Three log-home design experts weigh in with their tried-and-true tips for successful log home living spaces.
One of the most daunting requests designers face is the square-footage boom. Many modern home owners ask for rambling, luxurious rooms, but striking a balance between spaciously comfortable and cavernously inhospitable is no easy feat.
Whether you dream of living in a mammoth log manor or owning a cozy cabin, listen to the varying thoughts of these design experts to gain insight into why some prefer small spaces while others love to go large?and find out the tricks of the trade they employ in rooms of any size.
The Great Room
Let?s begin with the granddaddy of log home living spaces?the great room. To the architects and designers of award-winning architectural firm Ellis Nunn & Associates Architecture in Jackson Hole, Wyoming, great rooms are just that: great, grand spaces. But that doesn?t mean skimping on the cozy quotient, according to the firm?s Vice President Sharon Nunn.
?We design our homes so that couches and side tables can be grouped around the fireplace, with another seating area in front of the view from the great room windows,? she says.
From her firm in Langley, Washing-ton, architect Mira Jean Steinbrecher has designed great rooms in an array of sizes and has her own ideas about what works in a log home great room. ?I think the secret in those spaces is to keep them from getting too tall,? she says. ?We want something that relates to our human scale so we feel safe and sheltered. If it doesn?t, it?s hard to feel settled.?
For Brandon Miracle, technical design department manager at StoneMill Log Homes in Knoxville, Tennessee, the great room is a large and open gathering space. ?Inevitable obstructions such as stair landings and exterior doors must be placed thoughtfully to maximize the available space,? he says.
TIP:When planning your great room, think about the type and dimensions of the furniture you want in that room and communicate that information to your designer. It will help him or her draft a room that?s large enough to meet your needs while keeping it to a snug scale.
If you?ve ever read an article or watched a show about kitchen design and remodeling, you?re familiar with this essential room?s two major components: the shape (think L-shape, galley and island) and the ideal work triangle (the three legs that comprise the distance between the stove, refrigerator and sink. But when you?re building a home?especially a log home?there are other factors, such as size, volume and organization, to consider as well.
To accomplish these objectives, Mira always returns to her design rules on scale and comfort. ?A kitchen can be any size you want it to be,? Mira says, ?but it needs to have manageable work areas.? She?s created spacious kitchens with separate baking, clean-up and cooking centers, but stresses that each individual work center must have a comfortably sized work triangle.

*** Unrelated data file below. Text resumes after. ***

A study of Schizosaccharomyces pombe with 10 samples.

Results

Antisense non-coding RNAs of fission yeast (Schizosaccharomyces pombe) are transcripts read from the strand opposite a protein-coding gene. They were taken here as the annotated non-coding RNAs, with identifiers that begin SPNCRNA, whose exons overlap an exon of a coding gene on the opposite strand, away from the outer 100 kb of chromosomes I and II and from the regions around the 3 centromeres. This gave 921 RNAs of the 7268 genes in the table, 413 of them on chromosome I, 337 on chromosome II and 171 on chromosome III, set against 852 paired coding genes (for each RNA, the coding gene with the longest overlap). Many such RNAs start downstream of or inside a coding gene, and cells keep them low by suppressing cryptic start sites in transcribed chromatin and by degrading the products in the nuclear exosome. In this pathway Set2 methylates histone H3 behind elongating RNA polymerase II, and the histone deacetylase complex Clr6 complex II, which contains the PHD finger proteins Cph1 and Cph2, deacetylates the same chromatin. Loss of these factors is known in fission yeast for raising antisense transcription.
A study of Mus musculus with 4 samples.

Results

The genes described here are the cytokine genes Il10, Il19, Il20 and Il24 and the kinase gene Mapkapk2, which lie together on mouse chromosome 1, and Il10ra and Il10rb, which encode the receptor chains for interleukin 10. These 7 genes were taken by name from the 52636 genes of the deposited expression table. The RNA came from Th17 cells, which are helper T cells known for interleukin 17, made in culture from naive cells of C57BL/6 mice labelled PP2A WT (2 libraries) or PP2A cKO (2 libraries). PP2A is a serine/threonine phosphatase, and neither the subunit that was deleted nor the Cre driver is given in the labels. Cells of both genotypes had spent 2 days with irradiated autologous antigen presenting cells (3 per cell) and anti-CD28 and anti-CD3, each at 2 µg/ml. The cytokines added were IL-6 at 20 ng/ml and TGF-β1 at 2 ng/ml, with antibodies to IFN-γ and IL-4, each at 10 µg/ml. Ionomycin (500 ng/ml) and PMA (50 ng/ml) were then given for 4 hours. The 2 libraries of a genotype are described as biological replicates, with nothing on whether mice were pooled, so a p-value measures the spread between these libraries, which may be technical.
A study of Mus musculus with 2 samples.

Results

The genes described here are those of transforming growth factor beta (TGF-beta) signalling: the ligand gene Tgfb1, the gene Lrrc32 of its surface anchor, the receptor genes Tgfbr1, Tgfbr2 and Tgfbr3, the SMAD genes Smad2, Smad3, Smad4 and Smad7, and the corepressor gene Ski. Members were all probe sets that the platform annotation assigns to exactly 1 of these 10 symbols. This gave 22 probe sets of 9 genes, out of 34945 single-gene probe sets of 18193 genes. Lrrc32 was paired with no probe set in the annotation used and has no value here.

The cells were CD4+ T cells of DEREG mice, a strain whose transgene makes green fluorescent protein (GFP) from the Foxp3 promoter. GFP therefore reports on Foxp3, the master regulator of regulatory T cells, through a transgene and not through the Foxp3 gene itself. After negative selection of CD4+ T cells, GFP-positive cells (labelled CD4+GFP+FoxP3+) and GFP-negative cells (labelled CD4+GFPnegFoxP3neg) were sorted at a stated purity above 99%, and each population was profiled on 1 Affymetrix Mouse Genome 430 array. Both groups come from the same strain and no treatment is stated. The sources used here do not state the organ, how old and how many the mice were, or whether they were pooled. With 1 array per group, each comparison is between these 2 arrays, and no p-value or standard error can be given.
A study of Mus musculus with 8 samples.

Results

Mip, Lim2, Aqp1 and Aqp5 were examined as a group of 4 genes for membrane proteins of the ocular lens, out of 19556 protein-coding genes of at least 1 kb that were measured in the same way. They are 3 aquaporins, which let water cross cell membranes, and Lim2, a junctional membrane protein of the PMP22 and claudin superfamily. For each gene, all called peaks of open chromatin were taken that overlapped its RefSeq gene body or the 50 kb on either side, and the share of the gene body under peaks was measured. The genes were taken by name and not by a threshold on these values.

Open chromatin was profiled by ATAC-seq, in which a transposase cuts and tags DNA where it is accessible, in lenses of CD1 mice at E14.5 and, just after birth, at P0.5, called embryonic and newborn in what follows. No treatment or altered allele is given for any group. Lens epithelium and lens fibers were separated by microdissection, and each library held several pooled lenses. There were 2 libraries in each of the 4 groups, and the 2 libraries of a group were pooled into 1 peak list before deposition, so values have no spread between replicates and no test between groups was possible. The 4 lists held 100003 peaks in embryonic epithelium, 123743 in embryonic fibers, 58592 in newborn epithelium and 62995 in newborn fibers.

Those mandates can apply to any kind of custom kitchen, however, certain aspects of a log home kitchen require special, more specific attention. ?In a log home, I always install a flat ceiling in the kitchen,? Mira says. She has two reasons for following this design dictum: It helps to contain cooking aromas, and it makes effective lighting possible.
TIP: Logs absorb a good deal more light than other, less porous kitchen materials such as tile or granite. So if your ideal kitchen is wrapped in log walls, be sure to include extra ambient and task lighting for both safety and appearance.
The Dining Room
When considering dining room design, Mira talks with clients about how many eating spaces will really be enough. ?Many people need to have a bar because that?s where they?ll feed the kids; a breakfast nook, because that?s where they?ll really eat; and a dining room for holidays,? she says.
Positioning the dining room in a floorplan is always an easy call for Brandon. No matter what the size, he prefers to place it in a corner. ?It allows easy access to the kitchen and opportunities for a lot of natural light,? he says. ?Also, if you have a back porch or deck, patio or French doors work well to give you outdoor access and extended dining space.?
Wherever the primary dining area ends up, one of the key design elements it should have is a bank of windows looking out onto one of the best views your site has to offer. According to Mira, an enchanting view helps to enhance the dining experience. She also looks for flexibility in a dining space. ?I like to keep one end open so you can add extra table space at major dinner-oriented holidays,? she says.
Lighting is important, too, so Mira suggests a flat ceiling above the dining area to keep the room more comfortable and make effective lighting more feasible. ?If I can talk a client out of a cathedral ceiling, I will,? she says. For Mira, it comes down to a simple, though overlooked, design edict: ?Why spend a lot of money on volume, when you could spend it on quality.?
TIP: If you?re looking to save money (and square footage) in your log home, eliminate the formal dining room and save a spot in the great room or family room for dedicated dining. More often than not, formal dining rooms are infrequently used and are just another room to furnish and dust.